Because a life unexamined is lived without intention.
Wednesday, January 23, 2013
I've mentioned that in my early twenties, I spent several years living in Mexico, Guatemala, and some of the worst streets of Philadelphia. My first husband and I would act as 'house parents' and we'd be joined by 10-15 college kids for a few months at a time and get them connected and working with the orphanages, health clinics, and soup kitchens in the area. Amazing, the lives I saw changed...hearts softened, souls healed. Sometimes there was joy so pure it felt like flying.
Sometimes there was darkness so black it felt like the end of everything.
I dreamt the other night of Guatemala. While some of you may have vacationed in the lovely parts, there are villages still without electricity, towns full of families that scrape food out of the dust...children who have never seen a refrigerator. I learned so much when I was there. About myself, my fears, my expectations. I learned to long for toilets that flushed....craved brushing my teeth with tap water...sprayed the legs of my wood and rope cot with raid to keep the tarantulas from climbing into my blankets.
One day, we took a trip out to visit an orphanage that had asked us to come sing for them. Something so simple; our rag-tattered gang of off-key, couldn't-carry-a-tune-in-a-bucket, sunburned loons--and those children were ecstatic. They giggled and laughed and danced--it was a holiday, a treat, the best of presents. Such fun....but the van was silent that night as we trundled back over dirt roads towards home, such simplicity and gratitude drapes a cloak of conviction over privileged shoulders.
Driving in another country is staggering. The fact that there are no car inspections, no rules, no lanes--insanity. Often cars run without operating lights, making night driving perilous. We almost didn't see them. The smashed little car, the larger one less so. There was a drunk man passed out in the dirt. And a sobbing, hysterical man that came running towards us, his face streaked with tears and blood.
His new bride was pinned in the car.
Our interpreter, Debbie, called for an ambulance, it was on the way. We were about ten minutes from the closest city. Meanwhile, the man I married the first time around was not good in emergencies and was slightly panicked. I left him in the van with the crew and asked them to pray. Debbie and I were nearly drug over to the smashed vehicle, the husband frantically gesturing at the car and pointing to his nose. Oh God, I could smell gas. We didn't have tools, but between us, were able to pry the door halfway open. Finally able to hold his wife's hand, he calmed down enough to tell us her name was Maria and his was Carl. Headlights in the distance...the ambulance. I stood, waving my arms to get it to slow down.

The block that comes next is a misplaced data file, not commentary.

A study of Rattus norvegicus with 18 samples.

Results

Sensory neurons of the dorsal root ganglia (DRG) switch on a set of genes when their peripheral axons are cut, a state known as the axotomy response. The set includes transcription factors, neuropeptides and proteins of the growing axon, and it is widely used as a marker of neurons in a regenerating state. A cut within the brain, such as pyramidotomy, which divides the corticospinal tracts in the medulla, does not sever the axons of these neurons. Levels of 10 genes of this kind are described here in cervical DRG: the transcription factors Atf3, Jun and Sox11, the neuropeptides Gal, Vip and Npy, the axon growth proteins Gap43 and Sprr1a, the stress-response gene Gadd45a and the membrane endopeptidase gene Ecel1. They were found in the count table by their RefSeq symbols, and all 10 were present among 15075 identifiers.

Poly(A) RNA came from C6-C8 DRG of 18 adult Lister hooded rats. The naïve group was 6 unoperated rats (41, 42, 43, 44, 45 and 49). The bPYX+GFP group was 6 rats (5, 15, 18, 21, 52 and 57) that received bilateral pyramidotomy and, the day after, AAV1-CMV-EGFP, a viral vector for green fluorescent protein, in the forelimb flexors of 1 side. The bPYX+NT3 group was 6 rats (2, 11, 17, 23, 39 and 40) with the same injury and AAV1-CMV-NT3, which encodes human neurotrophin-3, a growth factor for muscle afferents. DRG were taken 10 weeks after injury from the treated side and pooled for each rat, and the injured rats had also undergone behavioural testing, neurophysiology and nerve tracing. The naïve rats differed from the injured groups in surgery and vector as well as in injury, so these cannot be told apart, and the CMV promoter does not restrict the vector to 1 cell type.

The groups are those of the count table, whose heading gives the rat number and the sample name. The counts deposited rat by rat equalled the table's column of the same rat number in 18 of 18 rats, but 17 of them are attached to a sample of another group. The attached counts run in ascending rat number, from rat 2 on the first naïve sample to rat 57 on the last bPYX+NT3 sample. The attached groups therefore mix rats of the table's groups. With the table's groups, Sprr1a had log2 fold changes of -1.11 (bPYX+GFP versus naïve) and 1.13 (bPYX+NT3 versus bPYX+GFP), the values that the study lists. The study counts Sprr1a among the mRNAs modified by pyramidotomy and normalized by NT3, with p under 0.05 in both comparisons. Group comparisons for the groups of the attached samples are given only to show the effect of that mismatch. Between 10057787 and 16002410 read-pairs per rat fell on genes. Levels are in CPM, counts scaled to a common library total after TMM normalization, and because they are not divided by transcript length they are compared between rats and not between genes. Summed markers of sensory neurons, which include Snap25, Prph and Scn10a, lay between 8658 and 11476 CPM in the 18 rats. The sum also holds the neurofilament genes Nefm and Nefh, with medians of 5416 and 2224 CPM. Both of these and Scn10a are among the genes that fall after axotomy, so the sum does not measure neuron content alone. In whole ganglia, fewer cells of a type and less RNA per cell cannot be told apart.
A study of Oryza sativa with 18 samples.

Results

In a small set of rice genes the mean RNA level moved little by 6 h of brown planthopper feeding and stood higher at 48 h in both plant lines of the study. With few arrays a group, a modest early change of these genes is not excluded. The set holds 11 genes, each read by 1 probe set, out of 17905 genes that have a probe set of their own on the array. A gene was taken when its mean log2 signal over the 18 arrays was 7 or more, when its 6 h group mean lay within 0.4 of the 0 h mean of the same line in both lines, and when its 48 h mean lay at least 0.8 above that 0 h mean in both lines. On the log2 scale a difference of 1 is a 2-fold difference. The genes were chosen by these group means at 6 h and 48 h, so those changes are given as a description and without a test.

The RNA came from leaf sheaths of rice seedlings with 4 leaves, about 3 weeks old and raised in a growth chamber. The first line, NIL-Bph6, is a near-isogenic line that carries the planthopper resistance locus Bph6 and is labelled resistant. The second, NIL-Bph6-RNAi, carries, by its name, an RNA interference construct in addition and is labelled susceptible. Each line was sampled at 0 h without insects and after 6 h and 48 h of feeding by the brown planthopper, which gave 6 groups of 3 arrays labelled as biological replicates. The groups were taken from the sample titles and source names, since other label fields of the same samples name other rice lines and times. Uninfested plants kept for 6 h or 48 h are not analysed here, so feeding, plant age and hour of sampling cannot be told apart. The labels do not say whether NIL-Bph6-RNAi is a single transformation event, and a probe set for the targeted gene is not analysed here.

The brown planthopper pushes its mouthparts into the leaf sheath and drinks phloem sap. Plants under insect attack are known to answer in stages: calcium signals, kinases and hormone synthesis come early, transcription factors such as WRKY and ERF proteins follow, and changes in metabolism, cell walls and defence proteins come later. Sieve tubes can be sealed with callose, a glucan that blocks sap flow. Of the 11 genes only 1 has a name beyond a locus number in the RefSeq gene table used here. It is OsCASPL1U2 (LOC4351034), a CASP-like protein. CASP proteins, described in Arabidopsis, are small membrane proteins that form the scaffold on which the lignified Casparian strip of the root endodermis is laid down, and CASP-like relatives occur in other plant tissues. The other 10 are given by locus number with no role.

It was a pick-up truck with a piece of plywood in the back.
I was dumbfounded. Shocked into silence....this? This was the ambulance? The driver was efficient and soon produced a crow bar and wrenched the door the rest of the way open. Carl seemed unable to let go of the unconscious Maria's hand so I found myself attempting to support her head and shoulders as we gingerly pulled her from the twisted wreck. Debbie had drug the plywood over and we carefully laid her down. There was so much blood. Maria's head was cradled in the palm of my hand and it shifted slightly as I knelt in the dirt....and then the tips of my fingers felt the bones of her skull move.
In glare of the headlights I suddenly understood why Maria's head didn't look right. My heart nearly stopped. Debbie reached out as I inhaled sharply, drawing Carl over to the other side of the board, sparing him the sight of his bride's broken body...and his shattered dreams.
We carried the board to the truck and slid it into the back, Carl climbing up to sit next to her. I could hear him telling her he loved her over and over as he clutched her hand. I stood there, frozen, as the tail lights vanished down the dark road. Debbie had checked the drunk and said he was fine. He'd been tossed from his car when it t-boned theirs. Aside from some scrapes and bruises, he would be alright. She helped him to his car and then gently led me back to the van. I don't remember the rest of the ride home. I do remember getting into the shower with all my clothes on, watching Maria's blood wash down the drain, and sobbing till there was nothing left.
I didn't have children then. Years later my boys would enter my life and I would understand a love that literally was cell and bone and sinew deep. Tomorrow is my fortieth birthday. I suppose it's only natural to find myself today sifting through what I am thankful for. Since that night, kneeling in the dark, I have never heard the wail of an ambulance and not closed my eyes for a moment, desperately grateful to live in a place where such a sound is only a phone call away. That my children live here. This gratitude is nearly overwhelming, immeasurable.